If you are competing in the freelance market, you will need to know the basics of a professional project proposal. No matter where you find yourself, you have to carry your business presentation in a very high manner. You cannot afford to drop your professionalism just because everyone else around you is wasting their efforts.
For instance, I view GetAFreelancer.com as a site where you get to cut your teeth in the professional freelance market. There aren’t that many “Professional” writers bidding for projects and you get to see how terrible amateurs write their proposals. But, GetAFreelancer.com is where you can learn the building blocks and build your resume.
You’ll see plenty of jobs that require one hundred articles a day that are completely error free and can pass copyscape.com. They pay about a dollar fifty an article and they won’t pay at all if you don’t meet the deadline. But, there are also some pretty decent writing jobs where you can work with great clients and build your resume with legitimate work. Then, you’ll be ready for a step higher.
Guru.com is a site where you have to know what you are doing. You won’t get awarded a project unless you really impress the potential client and that means several things. You have to write your proposal error free. You have to be very expressive and explosive with your words. Plus, you have to price yourself exactly right. A potential client doesn’t mind paying a higher price if you are worth it. But if you are a great writer and you underbid others, then you will be getting most jobs.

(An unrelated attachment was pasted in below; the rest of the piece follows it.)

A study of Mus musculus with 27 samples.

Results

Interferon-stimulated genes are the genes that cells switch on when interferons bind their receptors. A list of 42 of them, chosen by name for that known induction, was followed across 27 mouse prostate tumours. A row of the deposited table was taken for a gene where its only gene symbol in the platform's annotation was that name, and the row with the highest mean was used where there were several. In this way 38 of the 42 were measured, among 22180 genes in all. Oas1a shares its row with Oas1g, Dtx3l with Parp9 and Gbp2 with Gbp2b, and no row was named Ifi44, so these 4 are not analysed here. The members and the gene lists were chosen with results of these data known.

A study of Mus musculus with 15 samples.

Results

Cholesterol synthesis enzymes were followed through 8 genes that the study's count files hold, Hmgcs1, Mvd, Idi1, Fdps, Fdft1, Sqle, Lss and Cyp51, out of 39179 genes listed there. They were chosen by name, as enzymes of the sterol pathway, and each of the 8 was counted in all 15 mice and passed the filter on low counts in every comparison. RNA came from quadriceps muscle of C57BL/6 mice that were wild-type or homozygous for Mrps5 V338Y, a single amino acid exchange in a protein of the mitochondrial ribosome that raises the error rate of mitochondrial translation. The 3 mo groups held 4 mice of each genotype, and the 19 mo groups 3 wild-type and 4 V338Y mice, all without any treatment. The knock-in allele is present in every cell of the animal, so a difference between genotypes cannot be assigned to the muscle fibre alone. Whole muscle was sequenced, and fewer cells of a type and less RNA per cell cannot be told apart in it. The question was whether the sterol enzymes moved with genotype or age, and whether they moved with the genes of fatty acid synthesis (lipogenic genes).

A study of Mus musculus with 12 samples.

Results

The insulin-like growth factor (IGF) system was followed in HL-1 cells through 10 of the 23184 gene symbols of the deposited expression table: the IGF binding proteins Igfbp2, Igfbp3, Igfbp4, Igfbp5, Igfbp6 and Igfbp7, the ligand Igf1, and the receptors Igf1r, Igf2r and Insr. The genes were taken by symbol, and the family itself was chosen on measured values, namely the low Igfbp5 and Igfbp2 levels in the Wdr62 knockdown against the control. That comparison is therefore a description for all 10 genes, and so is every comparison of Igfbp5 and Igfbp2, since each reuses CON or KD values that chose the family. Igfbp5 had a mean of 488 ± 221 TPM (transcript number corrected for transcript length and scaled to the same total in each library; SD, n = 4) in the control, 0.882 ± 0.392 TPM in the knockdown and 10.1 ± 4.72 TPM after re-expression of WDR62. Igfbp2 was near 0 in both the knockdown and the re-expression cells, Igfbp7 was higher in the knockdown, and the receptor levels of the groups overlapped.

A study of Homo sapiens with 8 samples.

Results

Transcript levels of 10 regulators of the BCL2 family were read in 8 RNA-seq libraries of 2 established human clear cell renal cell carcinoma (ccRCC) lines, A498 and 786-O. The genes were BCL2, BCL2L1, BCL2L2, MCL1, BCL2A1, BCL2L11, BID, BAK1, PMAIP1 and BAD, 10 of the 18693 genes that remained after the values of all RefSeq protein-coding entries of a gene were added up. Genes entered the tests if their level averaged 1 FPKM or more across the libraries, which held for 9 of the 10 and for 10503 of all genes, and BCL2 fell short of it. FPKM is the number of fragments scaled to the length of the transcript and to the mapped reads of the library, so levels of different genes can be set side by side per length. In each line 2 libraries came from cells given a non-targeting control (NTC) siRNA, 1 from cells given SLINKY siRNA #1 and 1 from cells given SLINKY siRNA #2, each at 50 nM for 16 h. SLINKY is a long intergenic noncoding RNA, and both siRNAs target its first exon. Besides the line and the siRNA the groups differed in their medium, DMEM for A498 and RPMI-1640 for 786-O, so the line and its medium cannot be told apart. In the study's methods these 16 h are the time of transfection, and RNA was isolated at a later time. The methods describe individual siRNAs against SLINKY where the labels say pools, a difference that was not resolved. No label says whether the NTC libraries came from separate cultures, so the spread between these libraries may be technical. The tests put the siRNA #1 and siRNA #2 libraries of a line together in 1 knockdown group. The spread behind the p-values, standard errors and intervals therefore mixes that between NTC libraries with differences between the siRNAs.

You’ll find screenplay and novel projects. Sometimes, you’ll be required to travel and all expenses will be paid if you negotiate properly. I’ve been on trips to San Francisco, California USA and I’ve written books for therapeutic clinics in New Jersey USA. At this time, I have a proposal submitted for a book deal that would take me to Beijing, China. Now, that’s worth putting my best foot forward to get.
The Mark of Excellence
Once you’ve built your resume rather impressively and made a few key contacts, then you’re stepping into another level entirely. The kind of ghostwriting experiences where you get calls from the representatives of presidents, CEOs and retired athletes. They don’t have time to write their own books and don’t really care to engage themselves into that kind of activity, but they want a book with their name on it and you were the one they chose. I’m still working on getting there.
If you think about it, you’ve just been given several good examples why your proposals should always be professional. First of all, even when you are submitting a project proposal to a potential client who simply wants a brochure, you have no idea where that relationship can lead. If you do a great job, you might get ongoing work. You might also get referrals from that one client. Of course, one day you might get a call from the right-hand man of a business mogul based out of Tokyo who heard of you.
So, let’s cover what it takes to put a professional project proposal together! We’ll see you next post.